UN Secretary General Antonio Guterres has criticised India for paying fossil fuel companies subsidies and grants and warned the country over critical pollution levels.
Mr Guterres was speaking at Modhera, the country’s first entirely solar-powered village, in the western state of Gujarat, on Thursday, during the last leg of his three-day visit to India.
“Instead of subsidising things, it is necessary to subsidise people,” the UN's top diplomat said.
“India today, in one of the most expanded programmes of social welfare in the world, provides hundreds of millions of families with financial support.
“This is the right thing to do to provide more and more support to the families in need and less and less support that benefits companies that are today making huge profits around the world.”
While fossil fuel subsidies by the Indian government have fallen considerably since 2014, grants to coal, oil and gas companies increased by nine times in 2021-22, according to a study by the International Institute of Sustainable Development and Council on Energy, Environment and Water think tank in May.
India has committed to meeting 50 per cent of its energy requirements from renewable energy and reducing total projected carbon emissions by one billion tonnes by 2030.
It is also planning to achieve net-zero emission status by 2070.
In a speech at the 1,000-year-old Hindu Sun Temple at Modhera, Mr Guterres said a green economy could be the solution to India's pollution problems.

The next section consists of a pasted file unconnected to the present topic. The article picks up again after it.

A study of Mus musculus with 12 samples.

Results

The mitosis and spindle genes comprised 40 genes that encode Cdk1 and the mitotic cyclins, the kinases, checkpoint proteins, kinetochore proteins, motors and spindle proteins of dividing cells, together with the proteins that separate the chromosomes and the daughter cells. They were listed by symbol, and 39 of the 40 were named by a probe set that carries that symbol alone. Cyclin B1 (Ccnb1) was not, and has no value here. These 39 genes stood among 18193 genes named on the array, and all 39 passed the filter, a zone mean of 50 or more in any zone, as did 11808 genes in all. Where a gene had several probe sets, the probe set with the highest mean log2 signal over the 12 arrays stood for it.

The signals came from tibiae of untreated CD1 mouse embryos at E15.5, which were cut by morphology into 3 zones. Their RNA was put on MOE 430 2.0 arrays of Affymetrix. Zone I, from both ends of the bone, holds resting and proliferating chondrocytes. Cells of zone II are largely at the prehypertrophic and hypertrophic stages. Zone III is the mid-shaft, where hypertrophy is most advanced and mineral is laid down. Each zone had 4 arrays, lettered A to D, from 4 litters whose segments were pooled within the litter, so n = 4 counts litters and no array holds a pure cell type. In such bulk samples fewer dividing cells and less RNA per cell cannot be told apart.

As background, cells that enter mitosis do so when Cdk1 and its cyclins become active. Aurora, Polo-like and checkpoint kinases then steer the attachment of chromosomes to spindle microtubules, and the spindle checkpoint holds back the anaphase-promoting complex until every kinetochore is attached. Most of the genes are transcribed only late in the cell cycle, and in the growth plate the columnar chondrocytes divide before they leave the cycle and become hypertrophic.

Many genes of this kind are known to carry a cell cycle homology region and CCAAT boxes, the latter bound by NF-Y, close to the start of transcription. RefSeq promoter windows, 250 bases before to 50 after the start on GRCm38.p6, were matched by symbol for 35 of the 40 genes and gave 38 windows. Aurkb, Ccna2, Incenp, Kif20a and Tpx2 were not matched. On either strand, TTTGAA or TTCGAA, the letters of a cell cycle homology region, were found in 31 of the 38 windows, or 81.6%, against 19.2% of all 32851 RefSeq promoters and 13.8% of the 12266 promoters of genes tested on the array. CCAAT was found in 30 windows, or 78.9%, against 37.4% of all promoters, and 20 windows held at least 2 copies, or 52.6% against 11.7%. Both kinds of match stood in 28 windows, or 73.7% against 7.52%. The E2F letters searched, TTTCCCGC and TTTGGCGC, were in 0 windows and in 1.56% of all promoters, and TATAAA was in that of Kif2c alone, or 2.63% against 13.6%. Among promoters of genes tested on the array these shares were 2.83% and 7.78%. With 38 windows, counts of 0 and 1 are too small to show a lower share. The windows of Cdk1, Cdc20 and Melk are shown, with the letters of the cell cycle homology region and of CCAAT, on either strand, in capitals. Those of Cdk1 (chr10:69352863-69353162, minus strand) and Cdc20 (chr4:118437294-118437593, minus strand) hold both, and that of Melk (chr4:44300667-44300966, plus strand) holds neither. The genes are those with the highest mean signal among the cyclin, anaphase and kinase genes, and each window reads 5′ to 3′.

India, which has a population of 1.3 billion, is the world’s second most polluted country, according to a report by the Air Quality Life Index initiative, produced by the University of Chicago's Energy Policy Institute.
And 63 Indian cities were among the 100 most polluted places globally in air pollution rankings by Swiss air quality technology company IQAir’s World Air Quality report in March.
Another study by the AQLI said that Indians are on average losing five years of their lives because of breathing air with particulate matter that exceeded the World Health Organisation levels.
The WHO considers five micrograms per cubic metre of PM2.5 particulate matter — tiny particles of pollutants that can enter deep into lungs and the bloodstream — as the safe level.
A report by London-based medical journal The Lancet in May said there were 2.3 million premature deaths due to pollution in India in 2019.
Nearly 1.6 million deaths were due to air pollution alone, while more than 500,000 were caused by water pollution, according to the Lancet Commission on pollution and health report.
Mr Guterres said a “green economy is not only good for the planet but it is good for the health and being good for the health saves lives”.
“Polluting cities are killing seven million people in the world every year. So, it is our duty to rescue them, it’s our duty to fight pollution to preserve biodiversity and fight climate change,” he said.